News: One big team
Story by Sgt. Lester Standifer
CAMP LIBERTY, Iraq — In the eight months that the 208th Financial Management Company has been in Iraq, the disbursing section, or the "High Rollers" as they are known, have undergone many changes in personnel.
Through all these changes one thing remains the same, the High Rollers have remained a strongly bonded team.
The disbursing section is very unique and multifarious within its ranks. They currently have six Soldiers from Headquarters 208th FM Co. from Mannheim, Germany; three from A/9th from Fort Lewis, Wash.; three from A/126 from Fort Riley, Kan.; one from A/125 from Schofield Barracks, Hawaii; and one from 101st FMD from Boston.
"Our strength comes from our diversity. During a short amount of time, we have built cohesion and stability throughout the disbursing section and the headquarters office," said Spc. Shavonne Hall, a Brooklyn, N.Y., native.
Everything starts and finishes with the Deputy Disbursing Officer, Capt. Keyia Carlton of Norton, Mass. Carlton has a plethora of duties and responsibilities. She is responsible for funding more than 10 disbursing agents and processing their daily business transactions.
She also plays a conspicuous role in the Department of Treasury's effort to remove cash from the battlefield. With all these duties and responsibilities, Carlton still makes time for all of her Soldiers by inspiring them with a daily dose of "The Word of the Day". Every day before lunch, the disbursing section gathers in her office for some inspiring words from a book called "The Secret", and fun facts for the day.
Carlton's right hand is Disbursing Manager Staff Sgt. George Drakakis, a native of Brooklyn, N.Y. He is responsible for the overall management of the disbursing section. His primary responsibilities include releasing Electronic Funds Transfer payments, international payments, and Computerized Accounting Pay System /Deployed Disbursing System interface payments. Drakakis is flanked by three other non-commissioned officers, Sgt. Danielle Gordon from Brooklyn, N.Y., Sgt. Lester Standifer from Orlando, Fla., and Cpl. Son Nguyen from Atlanta. Sgt. Gordon is in charge of the Accounting/ Memorandums of Agreement and Non-Sufficient Funds section. She has three Soldiers in her section, Spc. Tiandao Dong from Boston, Pfc. Cassandra Lawrence from New York, and Pfc. Yang Lin of Atlantic City, N.J.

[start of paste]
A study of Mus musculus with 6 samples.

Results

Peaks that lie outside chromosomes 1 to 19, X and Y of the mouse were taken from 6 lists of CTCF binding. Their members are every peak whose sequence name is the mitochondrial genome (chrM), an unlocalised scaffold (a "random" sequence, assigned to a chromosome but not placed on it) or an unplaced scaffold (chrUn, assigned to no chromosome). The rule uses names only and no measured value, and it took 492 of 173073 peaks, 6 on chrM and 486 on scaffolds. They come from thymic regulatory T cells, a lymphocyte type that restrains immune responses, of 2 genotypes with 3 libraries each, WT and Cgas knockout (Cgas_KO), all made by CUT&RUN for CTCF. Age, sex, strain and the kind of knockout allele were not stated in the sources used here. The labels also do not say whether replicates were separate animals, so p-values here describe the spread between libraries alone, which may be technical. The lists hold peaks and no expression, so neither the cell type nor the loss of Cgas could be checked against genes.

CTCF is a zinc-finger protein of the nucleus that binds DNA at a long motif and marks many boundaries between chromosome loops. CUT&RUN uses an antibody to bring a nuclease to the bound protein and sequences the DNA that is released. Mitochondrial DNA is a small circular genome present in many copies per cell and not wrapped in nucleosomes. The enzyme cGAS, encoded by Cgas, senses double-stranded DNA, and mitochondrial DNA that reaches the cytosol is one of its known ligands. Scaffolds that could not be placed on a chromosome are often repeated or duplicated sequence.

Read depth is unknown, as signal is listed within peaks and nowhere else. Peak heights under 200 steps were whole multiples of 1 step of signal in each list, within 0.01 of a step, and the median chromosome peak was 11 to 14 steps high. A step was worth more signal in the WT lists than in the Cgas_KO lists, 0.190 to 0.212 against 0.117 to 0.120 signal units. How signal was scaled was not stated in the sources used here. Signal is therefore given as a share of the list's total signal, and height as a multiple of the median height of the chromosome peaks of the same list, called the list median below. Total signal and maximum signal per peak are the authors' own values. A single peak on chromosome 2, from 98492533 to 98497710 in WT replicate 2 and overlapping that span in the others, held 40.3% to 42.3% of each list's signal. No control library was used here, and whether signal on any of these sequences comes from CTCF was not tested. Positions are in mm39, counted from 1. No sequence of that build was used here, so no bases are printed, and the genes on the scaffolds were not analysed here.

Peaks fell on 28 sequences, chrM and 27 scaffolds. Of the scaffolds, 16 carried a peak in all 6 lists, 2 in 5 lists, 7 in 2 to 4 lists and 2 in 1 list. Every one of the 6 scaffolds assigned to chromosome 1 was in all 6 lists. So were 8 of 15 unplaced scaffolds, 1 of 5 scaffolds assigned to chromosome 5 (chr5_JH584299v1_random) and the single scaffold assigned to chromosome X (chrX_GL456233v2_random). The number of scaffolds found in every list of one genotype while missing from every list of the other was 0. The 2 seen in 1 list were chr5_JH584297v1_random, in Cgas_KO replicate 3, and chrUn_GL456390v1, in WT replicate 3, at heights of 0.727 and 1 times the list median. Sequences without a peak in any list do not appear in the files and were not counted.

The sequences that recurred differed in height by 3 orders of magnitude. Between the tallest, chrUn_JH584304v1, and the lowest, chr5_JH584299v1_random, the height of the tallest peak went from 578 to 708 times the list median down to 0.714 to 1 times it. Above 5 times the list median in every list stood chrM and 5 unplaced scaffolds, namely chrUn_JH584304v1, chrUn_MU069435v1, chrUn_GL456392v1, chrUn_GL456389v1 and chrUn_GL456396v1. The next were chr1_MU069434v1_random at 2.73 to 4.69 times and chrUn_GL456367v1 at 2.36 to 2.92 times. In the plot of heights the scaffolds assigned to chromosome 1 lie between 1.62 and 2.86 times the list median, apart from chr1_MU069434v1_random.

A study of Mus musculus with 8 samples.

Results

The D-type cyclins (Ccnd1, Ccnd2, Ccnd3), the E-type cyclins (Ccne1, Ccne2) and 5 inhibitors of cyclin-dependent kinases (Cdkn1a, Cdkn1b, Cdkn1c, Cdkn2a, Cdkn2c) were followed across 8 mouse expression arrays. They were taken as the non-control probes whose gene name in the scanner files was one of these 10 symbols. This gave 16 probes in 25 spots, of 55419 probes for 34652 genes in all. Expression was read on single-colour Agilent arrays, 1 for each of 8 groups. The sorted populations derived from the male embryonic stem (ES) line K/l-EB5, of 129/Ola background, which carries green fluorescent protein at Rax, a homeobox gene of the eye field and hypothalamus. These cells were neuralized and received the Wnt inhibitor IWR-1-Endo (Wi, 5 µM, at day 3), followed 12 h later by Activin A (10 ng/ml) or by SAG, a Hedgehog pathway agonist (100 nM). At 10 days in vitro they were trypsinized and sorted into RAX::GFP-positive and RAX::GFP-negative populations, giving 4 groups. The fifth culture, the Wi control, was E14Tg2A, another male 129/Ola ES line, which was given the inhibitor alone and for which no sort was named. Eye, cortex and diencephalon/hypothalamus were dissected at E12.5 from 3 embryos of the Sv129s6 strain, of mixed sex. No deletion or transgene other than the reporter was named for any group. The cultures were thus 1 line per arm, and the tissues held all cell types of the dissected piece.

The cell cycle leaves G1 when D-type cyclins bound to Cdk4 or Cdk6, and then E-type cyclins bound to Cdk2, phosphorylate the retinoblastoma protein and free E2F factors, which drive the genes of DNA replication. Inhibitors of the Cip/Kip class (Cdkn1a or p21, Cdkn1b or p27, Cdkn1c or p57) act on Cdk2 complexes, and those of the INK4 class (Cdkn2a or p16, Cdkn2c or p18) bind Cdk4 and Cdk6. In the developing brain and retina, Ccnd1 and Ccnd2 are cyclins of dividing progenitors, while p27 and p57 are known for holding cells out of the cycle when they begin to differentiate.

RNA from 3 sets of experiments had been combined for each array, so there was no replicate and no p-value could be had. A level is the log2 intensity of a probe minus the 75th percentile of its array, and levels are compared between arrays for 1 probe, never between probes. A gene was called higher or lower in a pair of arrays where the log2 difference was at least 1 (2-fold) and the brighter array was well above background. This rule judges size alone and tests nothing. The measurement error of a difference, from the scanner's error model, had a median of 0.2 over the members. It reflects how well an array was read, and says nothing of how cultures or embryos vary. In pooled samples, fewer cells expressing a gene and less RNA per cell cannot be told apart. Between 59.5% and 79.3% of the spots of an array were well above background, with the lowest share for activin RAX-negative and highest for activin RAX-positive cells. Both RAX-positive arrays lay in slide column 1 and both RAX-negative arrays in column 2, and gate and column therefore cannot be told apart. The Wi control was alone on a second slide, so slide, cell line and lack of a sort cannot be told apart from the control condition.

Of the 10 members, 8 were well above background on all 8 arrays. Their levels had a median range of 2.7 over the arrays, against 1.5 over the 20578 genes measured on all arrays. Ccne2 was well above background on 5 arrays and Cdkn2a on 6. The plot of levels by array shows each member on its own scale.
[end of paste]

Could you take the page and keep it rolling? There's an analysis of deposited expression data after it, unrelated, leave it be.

Gordon supervises with Issuing treasury checks, processing and maintaining all Memorandums of Agreement for all the civilian contracted companies, and is responsible for the daily balancing of all electronic transactions between the HQ Disbursing office and the U.S. Treasury by clearing the Analysis of Unmatched Transaction report.
Standifer is in charge of the Quality Assurance Cell, and his Soldiers are Spc. Shavonne Hall from Brooklyn, N.Y., and Pfc. Oralia Reyes from Dallas. Standifer and his Soldiers ensure that the daily business submitted by the disbursing agents is complete and accurate prior to being processed by Capt. Carlton. Hall and Reyes play an important role in the daily contact of the disbursing agents.
Nguyen runs the Electronic Funds Transfer Cell and he is joined by Spc. Kealohalani Hanato from Pahoa, Hawaii, Spc. Jacob Garza from El Paso, Texas, Spc. Tabitha Sturgill from Dyer, Tenn., and Spc. Htar Cronce from San Francisco. They are all responsible for the receipt, verification and accountability of payments request documentation from 10 remote sites.
"Professionalism takes many forms, and the true measure of professionalism is demonstrated here in this section by doing the right thing," said Standifer.
After working seven months straight, the disbursing section decided to take a bit of a break. During the month of July, the 208th High Rollers took about five hours for their team-building trip to Camp Slayer for a Palace Tour. They were given the tour by 1st Lt. Stephanie Ramos. She explained the history of the Iraqi people and the "Victory over America" palace.
The disbursing section has been working long hours since they arrived in Iraq back in January. "It's not uncommon to see Soldiers working in the disbursing section when I come into the building at 7 p.m., and you will always have at least one Soldier, if not more, working there" Johnson said. "What a great way to bring a section even closer," says Drakakis.